People holding a banner reading "state of emergency, deprivation of citizenship, no!" take part in a demonstration on January 30, 2016 outside the Council of State in Paris, to protest against government plans to extend a state of emergency for another three months after the November terror attacks in Paris as well as plans to enshrine some of these measures in the constitution. (Photo: AFP)
Thousands of people marched through Paris on Saturday to decry the proposed extension of a state of emergency imposed after the November Paris attacks.
Braving driving rain and shouting slogans including "state of emergency -- police state" the marchers protested loudly against a measure they see as curbing human rights.
Police put participation at 5,000 while organisers said some 20,000 people took part.
Several other cities including Toulouse in the south held smaller-scale marches organised by unions, human rights organisations and other pressure groups.
A further gripe is a government plan to strip convicted French-born terrorists of their citizenship if they have a second nationality.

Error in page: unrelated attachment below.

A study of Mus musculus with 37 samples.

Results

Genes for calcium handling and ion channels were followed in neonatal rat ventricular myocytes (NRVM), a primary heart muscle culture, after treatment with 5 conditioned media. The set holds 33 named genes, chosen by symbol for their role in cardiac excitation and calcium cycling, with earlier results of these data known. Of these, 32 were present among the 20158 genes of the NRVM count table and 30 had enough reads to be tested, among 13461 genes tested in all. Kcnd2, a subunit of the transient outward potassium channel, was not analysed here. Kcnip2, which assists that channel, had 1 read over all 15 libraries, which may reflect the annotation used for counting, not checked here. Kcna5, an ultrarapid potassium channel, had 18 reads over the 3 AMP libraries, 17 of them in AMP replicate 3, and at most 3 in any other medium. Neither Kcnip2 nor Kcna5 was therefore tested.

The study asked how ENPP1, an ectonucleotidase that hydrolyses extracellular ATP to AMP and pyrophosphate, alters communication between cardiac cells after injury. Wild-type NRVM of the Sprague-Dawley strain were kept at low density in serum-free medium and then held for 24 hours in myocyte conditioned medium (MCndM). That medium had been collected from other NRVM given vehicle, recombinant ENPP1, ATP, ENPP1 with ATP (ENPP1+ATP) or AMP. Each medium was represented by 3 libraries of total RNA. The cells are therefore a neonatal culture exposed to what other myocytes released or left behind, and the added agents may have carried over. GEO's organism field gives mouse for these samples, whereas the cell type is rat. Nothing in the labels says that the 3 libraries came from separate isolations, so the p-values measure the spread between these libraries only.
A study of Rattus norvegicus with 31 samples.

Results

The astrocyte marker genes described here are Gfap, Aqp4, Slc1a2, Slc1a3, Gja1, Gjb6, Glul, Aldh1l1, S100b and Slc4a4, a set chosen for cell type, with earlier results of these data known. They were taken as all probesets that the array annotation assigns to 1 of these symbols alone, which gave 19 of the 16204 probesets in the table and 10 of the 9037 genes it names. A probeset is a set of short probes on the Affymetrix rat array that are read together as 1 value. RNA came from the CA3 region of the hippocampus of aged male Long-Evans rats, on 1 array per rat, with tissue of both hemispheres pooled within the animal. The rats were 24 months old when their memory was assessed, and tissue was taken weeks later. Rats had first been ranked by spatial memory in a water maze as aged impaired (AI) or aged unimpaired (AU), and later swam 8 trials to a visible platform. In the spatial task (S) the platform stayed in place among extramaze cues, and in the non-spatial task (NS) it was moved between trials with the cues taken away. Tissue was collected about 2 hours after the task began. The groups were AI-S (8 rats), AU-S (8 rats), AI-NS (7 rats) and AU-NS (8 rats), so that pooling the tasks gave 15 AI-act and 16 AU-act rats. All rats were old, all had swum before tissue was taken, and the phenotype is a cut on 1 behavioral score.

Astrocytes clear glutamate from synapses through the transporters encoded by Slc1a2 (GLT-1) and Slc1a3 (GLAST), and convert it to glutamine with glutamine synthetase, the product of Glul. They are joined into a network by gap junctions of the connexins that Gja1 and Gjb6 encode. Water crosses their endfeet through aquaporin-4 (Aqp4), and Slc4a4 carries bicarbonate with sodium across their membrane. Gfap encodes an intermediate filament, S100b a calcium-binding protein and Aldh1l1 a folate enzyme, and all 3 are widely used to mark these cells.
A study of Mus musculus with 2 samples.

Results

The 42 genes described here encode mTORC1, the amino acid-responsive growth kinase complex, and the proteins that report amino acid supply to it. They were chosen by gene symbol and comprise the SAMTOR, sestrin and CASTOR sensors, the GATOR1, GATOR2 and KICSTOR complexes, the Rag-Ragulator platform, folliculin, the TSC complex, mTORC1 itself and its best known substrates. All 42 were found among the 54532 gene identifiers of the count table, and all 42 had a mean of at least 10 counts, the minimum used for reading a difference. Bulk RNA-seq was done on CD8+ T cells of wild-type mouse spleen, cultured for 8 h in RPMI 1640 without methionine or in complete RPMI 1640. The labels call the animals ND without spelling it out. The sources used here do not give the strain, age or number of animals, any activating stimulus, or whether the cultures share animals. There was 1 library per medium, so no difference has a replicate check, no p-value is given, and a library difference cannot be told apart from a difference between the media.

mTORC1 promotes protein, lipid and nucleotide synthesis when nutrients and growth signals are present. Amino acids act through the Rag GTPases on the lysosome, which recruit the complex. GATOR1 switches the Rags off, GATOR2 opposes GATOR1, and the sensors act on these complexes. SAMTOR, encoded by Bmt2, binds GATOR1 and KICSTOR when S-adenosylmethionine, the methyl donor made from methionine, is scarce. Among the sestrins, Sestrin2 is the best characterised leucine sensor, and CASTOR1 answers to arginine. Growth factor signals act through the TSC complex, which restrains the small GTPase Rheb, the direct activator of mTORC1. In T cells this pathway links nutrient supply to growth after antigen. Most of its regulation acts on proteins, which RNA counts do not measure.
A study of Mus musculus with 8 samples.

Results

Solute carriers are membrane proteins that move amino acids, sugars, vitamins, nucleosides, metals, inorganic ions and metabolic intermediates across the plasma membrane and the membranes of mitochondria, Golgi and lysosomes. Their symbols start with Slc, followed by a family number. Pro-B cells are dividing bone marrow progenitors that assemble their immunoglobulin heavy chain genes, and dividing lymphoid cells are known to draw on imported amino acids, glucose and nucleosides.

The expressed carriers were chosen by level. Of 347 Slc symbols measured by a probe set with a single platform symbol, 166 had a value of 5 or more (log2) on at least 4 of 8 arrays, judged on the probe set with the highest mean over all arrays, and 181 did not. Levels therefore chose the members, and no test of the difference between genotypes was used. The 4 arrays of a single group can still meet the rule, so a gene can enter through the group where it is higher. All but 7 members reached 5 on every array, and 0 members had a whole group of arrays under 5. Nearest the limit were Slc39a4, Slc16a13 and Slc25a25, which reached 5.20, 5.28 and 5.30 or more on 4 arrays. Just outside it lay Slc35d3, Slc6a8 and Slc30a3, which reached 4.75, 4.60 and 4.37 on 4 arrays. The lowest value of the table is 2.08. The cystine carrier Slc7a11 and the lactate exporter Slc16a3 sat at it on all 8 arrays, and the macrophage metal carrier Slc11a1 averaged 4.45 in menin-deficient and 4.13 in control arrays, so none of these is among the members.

That proposal has already triggered the resignation of Justice Minister Christiane Taubira who stood down in protest over the plan this week after the reforms were presented to parliament.
Parliament is due in the coming days to debate the state of emergency as President Francois Hollande seeks parliamentary approval to extend the current three-month measure, which expires on February 26.
The Senate is to vote on the proposal on February 9, followed by a vote in the National Assembly on February 16.
Concern has been growing about the state of emergency, introduced after coordinated gun and bomb attacks left 130 dead in Paris on November 13.
France's highest administrative court on Wednesday refused to lift the state of emergency.
The Council of State ruled that the "imminent danger justifying the state of emergency has not disappeared, given the ongoing terrorist threat and the risk of attacks."
But UN human rights experts last week said the measures placed what they saw as "excessive and disproportionate" restrictions on key rights.
Saturday's protesters demanded an end to the state of emergency and the nationality proposal, measures they say "strike at our freedom in the name of hypothetical security."
Marchers said they fear an open-ended state of emergency.
"Until when? The end of Daesh (Islamic State (ISIS) group)? Ten years? Never?" asked one woman, who gave her name as Chris, while another, Camille, said she feared that France is "experiencing a permanent coup d'etat."
Despite the popular concern, a recent poll showed 70 percent of French people back maintaining the state of emergency.